How e-commerce firms will gain in the GST regime
GST should end numerous hurdles that state governments put up against online retail firms, such as Amazon and Flipkart, to protect offline retailers and state revenue
GST should put an end to the numerous hurdles state administrations have been erecting amid complaints that online sales, and the hefty discounts they come with, are eroding the sales and profitability of physical retailers as well as state revenues.
It will mean a shift from the current model of taxing inter-state transactions, where the manufacturing state gets the proceeds of a 2% central sales tax on goods sold in other states. This will make way for a system in which the consuming state will get proceeds of taxes on interstate supply of goods. The integrated GST, which applies to inter-state supplies, has central and state components of roughly equal measure.
“We believe GST is good for the e-commerce industry as it would eliminate hurdles in inter-state delivery and subsume the entry tax introduced on e-commerce shipments by some states,” an Amazon India spokesperson said. Flipkart did not immediately respond to a request for comment.
GST, being a ‘destination-based tax on consumption’, is also set to address concerns of state governments that the business models of e-commerce firms erode their tax base.
Getting hassle-free access to markets across the country will benefit the e-commerce sector which, according to a January 2017 report by industry lobby group Associated Chambers of Commerce and Industry of India, is expected to touch $17.52 billion in turnover by the end of 2018.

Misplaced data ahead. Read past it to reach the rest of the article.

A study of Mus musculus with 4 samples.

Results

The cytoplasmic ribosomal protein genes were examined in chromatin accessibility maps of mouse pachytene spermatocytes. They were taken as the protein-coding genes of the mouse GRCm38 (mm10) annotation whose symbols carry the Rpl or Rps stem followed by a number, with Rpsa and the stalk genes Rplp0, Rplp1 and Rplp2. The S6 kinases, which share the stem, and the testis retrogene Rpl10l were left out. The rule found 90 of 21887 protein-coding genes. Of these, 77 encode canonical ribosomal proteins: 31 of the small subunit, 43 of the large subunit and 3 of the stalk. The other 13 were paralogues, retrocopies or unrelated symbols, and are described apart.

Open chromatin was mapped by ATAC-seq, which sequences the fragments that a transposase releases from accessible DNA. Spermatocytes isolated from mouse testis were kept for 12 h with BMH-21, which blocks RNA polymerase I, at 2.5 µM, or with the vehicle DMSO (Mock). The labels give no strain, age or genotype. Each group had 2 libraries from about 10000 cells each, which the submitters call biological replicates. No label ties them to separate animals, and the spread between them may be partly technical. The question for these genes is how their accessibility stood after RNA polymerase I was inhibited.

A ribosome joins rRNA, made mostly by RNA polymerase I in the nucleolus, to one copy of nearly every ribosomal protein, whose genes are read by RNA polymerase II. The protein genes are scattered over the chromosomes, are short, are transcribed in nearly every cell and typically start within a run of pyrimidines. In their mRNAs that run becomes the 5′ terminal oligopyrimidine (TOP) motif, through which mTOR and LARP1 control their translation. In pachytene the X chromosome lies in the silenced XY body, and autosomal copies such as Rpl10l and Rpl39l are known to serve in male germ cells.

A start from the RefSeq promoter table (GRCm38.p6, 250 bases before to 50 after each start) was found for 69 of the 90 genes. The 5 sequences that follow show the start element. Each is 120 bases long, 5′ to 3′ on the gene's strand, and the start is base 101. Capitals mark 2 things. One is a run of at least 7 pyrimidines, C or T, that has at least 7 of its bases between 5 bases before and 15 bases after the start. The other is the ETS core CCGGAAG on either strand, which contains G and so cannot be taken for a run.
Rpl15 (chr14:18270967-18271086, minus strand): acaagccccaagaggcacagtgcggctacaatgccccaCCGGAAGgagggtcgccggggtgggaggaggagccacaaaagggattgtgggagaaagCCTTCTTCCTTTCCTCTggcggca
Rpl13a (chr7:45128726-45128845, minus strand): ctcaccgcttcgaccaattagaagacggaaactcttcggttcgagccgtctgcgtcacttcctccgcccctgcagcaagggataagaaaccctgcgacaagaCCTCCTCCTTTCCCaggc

E-commerce firms achieve efficiency by building warehouses in a few states where merchandise is stored for selling to consumers across the country. These companies typically offer the service of an online marketplace, and in some cases a warehousing facility to vendors, and pay service tax to the central government on any fee or margin received for that. The liability of value-added tax (VAT) to be paid to the state government at the business-to-consumer level is on the vendor.
The Karnataka government had in 2015 asked e-commerce firms to take the responsibility of paying VAT for the sales made by third-party vendors on their platform, leading to litigation between the state and firms such as Amazon.
Experts said that e-commerce firms being asked to provide details of sales by vendors on their platforms was fair, but holding them liable for VAT payment was not.
E-tailers work on thin margins of 3-4%. If they are forced to pay VAT at 14.5% on the product’s value, it won’t work, said an expert who asked not to be named.
“In the GST regime, the vendor has to pay GST and instances of holding e-commerce companies responsible for vendors’ tax payment will come down. In general, GST introduction is good for e-commerce companies as GST is a destination-based tax on consumption, unlike central sales tax on inter-state sale of goods which is origin-based,” said Pratik Jain, leader, indirect tax, PricewaterhouseCoopers India.
Online retailers face one potential irritant in GST—a 1% tax collected at source from vendors and paid to the government. “Vendors will get full tax credit on this 1% tax, but it could cause administrative inconvenience to e-commerce firms when products are returned by the consumer,” said R. Muralidharan, senior director, Deloitte in India.
Yuvraj Malik contributed to this story.